If you recently launched a new product or service and do not have the slightest idea where to begin with your promotional efforts, look no further than your very own backyard.
Whether you’re looking to raise awareness about yourself, your book, your business, and/or your brand, local media coverage can be the most successful form of publicity that can offer the greatest amount of impact. And guess what? You don’t have to spend a penny on advertisements. Here’s how to do it:
Step 1: Streamline Your Story
Streamlining the story you want to present to the press is essential when it comes to landing local coverage. Why should they cover it? Is it compelling? What value does it provide? Keep these questions in mind as you develop your story.
Step 2: Do Your Research
This may come as no surprise, but one of the most crucial parts to securing an interview, review, or feature stems from the amount of initial research you put in. Start by making a list using the 5 W’s:
- Who is the best person(s) to pitch?
- THINK: Editor in Chief, News & Program Directors, topic-specific reporters
- What segment of the outlet would be the best fit?
- THINK: News, Sports, Art & Entertainment, Politics, Opinion sections
- Where can you find journalist contact information?
- THINK: Contact sections of the outlets’ websites and Twitter handles for direct messages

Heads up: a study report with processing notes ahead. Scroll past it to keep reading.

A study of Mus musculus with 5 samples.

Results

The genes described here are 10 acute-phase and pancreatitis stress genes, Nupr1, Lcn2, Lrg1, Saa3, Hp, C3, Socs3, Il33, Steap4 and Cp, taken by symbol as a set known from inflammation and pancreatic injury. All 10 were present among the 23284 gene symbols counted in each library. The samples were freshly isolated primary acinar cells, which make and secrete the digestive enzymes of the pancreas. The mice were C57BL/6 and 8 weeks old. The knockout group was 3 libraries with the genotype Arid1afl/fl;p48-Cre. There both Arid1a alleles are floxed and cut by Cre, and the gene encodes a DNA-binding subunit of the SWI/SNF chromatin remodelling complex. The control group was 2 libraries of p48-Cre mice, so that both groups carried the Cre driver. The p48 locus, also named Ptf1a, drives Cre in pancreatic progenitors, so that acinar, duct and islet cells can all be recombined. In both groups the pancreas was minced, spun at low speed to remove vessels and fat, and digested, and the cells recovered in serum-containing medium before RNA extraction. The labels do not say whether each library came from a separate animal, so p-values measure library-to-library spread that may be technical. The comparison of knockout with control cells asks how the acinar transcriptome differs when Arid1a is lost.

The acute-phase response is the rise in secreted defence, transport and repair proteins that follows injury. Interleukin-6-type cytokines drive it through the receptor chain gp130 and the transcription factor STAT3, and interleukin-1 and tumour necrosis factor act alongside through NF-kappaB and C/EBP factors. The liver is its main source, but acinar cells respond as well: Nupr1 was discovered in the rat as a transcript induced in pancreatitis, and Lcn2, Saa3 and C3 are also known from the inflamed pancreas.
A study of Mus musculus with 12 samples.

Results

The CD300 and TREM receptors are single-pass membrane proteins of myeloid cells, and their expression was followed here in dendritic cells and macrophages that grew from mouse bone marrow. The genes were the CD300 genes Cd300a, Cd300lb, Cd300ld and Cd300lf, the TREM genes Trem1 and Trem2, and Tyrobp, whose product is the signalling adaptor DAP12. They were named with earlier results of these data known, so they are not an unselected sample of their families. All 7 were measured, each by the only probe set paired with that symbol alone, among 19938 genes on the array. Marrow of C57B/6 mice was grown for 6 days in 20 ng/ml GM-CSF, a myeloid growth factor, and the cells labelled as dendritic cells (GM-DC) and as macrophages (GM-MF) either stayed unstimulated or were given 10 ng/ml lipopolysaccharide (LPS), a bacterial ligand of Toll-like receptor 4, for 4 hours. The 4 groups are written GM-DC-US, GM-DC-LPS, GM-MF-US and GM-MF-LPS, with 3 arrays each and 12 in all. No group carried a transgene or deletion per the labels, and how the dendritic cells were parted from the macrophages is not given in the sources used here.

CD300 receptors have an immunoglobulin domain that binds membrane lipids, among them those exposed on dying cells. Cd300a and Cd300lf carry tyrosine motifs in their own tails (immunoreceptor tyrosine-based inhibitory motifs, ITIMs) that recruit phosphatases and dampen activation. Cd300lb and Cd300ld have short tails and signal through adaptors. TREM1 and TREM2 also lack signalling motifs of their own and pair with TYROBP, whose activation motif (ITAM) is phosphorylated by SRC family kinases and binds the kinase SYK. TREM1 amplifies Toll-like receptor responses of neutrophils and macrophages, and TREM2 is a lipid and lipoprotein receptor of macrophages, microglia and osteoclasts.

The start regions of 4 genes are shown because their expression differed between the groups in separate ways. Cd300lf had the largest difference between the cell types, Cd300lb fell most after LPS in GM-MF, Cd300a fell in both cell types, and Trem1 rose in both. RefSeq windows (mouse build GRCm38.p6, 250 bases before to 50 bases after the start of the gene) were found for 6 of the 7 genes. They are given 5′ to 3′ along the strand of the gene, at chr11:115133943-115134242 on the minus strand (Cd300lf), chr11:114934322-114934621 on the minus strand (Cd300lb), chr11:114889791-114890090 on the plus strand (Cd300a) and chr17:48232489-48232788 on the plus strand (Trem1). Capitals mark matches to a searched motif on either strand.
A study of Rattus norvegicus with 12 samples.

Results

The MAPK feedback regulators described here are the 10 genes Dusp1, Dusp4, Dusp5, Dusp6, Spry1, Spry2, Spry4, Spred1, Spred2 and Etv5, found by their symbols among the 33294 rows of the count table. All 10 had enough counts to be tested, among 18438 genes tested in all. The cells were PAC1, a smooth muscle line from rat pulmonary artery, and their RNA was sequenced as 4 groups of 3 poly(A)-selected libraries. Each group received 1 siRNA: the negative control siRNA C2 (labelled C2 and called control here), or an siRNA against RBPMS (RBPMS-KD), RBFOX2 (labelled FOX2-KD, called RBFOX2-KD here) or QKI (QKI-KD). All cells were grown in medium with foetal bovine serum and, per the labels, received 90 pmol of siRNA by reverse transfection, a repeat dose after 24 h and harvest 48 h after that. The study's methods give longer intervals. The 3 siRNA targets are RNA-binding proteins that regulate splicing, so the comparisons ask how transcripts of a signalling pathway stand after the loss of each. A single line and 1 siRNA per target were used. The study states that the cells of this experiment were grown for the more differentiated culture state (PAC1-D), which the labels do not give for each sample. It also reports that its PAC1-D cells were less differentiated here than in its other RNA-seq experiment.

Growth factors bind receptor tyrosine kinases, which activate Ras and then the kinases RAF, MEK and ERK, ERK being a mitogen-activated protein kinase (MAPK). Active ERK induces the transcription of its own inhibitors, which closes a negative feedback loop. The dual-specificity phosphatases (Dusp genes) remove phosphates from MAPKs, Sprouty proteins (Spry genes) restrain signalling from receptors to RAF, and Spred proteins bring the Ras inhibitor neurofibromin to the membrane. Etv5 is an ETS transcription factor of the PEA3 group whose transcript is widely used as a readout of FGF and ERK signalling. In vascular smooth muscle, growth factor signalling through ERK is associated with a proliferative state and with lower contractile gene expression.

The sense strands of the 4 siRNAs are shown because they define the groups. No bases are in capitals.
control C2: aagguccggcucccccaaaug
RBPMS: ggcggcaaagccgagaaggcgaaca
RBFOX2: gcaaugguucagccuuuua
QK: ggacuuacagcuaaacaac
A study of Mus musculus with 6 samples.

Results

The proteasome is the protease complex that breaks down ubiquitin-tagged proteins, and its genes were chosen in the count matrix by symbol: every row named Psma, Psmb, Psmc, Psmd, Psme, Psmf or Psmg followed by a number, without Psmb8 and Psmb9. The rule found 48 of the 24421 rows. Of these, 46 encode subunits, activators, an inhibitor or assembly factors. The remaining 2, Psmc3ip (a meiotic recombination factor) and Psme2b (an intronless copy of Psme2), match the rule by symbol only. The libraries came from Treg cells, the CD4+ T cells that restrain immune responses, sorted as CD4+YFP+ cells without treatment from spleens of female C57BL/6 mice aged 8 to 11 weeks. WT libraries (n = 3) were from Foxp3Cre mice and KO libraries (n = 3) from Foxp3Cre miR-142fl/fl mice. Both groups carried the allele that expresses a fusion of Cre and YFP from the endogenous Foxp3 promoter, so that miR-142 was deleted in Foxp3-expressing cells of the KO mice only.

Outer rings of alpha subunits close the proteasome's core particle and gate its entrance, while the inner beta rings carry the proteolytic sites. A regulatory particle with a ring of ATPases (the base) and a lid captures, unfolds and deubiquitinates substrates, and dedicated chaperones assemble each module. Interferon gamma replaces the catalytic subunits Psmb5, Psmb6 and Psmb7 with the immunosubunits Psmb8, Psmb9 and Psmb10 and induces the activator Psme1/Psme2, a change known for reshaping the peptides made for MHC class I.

- When is the best time to pitch them?
- THINK: Trend stories and news cycles
- Why should the outlet be interested?
Step 3: Formulate a Pitch
At this point, you’ve established a story and figured out where and whom you want to go after. Naturally, it’s time to sit down and actually write the pitch. The key here is to share who you are and your story in the most concise way possible – ideally in one or two short paragraphs. If you’re looking for an interview, it might be in your best interest to include a press release and talking points in the body of the email (after your signature) so the receiver doesn’t have to click on multiple attachments. It’s also imperative to highlight the fact that you are local and any noteworthy contributions you have made to the community. This can be done in both the subject line and the body of the email in your introduction. For example:
“Portland local takes action against homelessness through new initiative”
My name is John Doe, a local Portland businessman and philanthropist…”
Step 4: Connect with Your Contacts
Now, you’ve sent your pitches out and are awaiting responses. In the meantime, don’t be afraid to follow them on social media and engage with their posts. Sometimes all it takes is seeing a familiar name to evoke a response.
Step 5: Follow Up
Another vital step toward earning local media coverage is your follow up. If the contact you pitched hasn’t responded to your email, ping them again. Give them a call. Shoot them a message on Twitter explaining who you are and what you’re looking for. It’s okay to be relentless in your pursuit as it can take multiple follow-up messages to elicit a response.
Step 6: Stay in Touch
Whether your inquiry is accepted or denied, don’t be afraid to ask about the types of stories your media contact typically covers so you know for the future and keep in touch with them over email and/or social media. It’s always advantageous to maintain a good rapport.
For more publicity tips, check out our Publicity 101 series.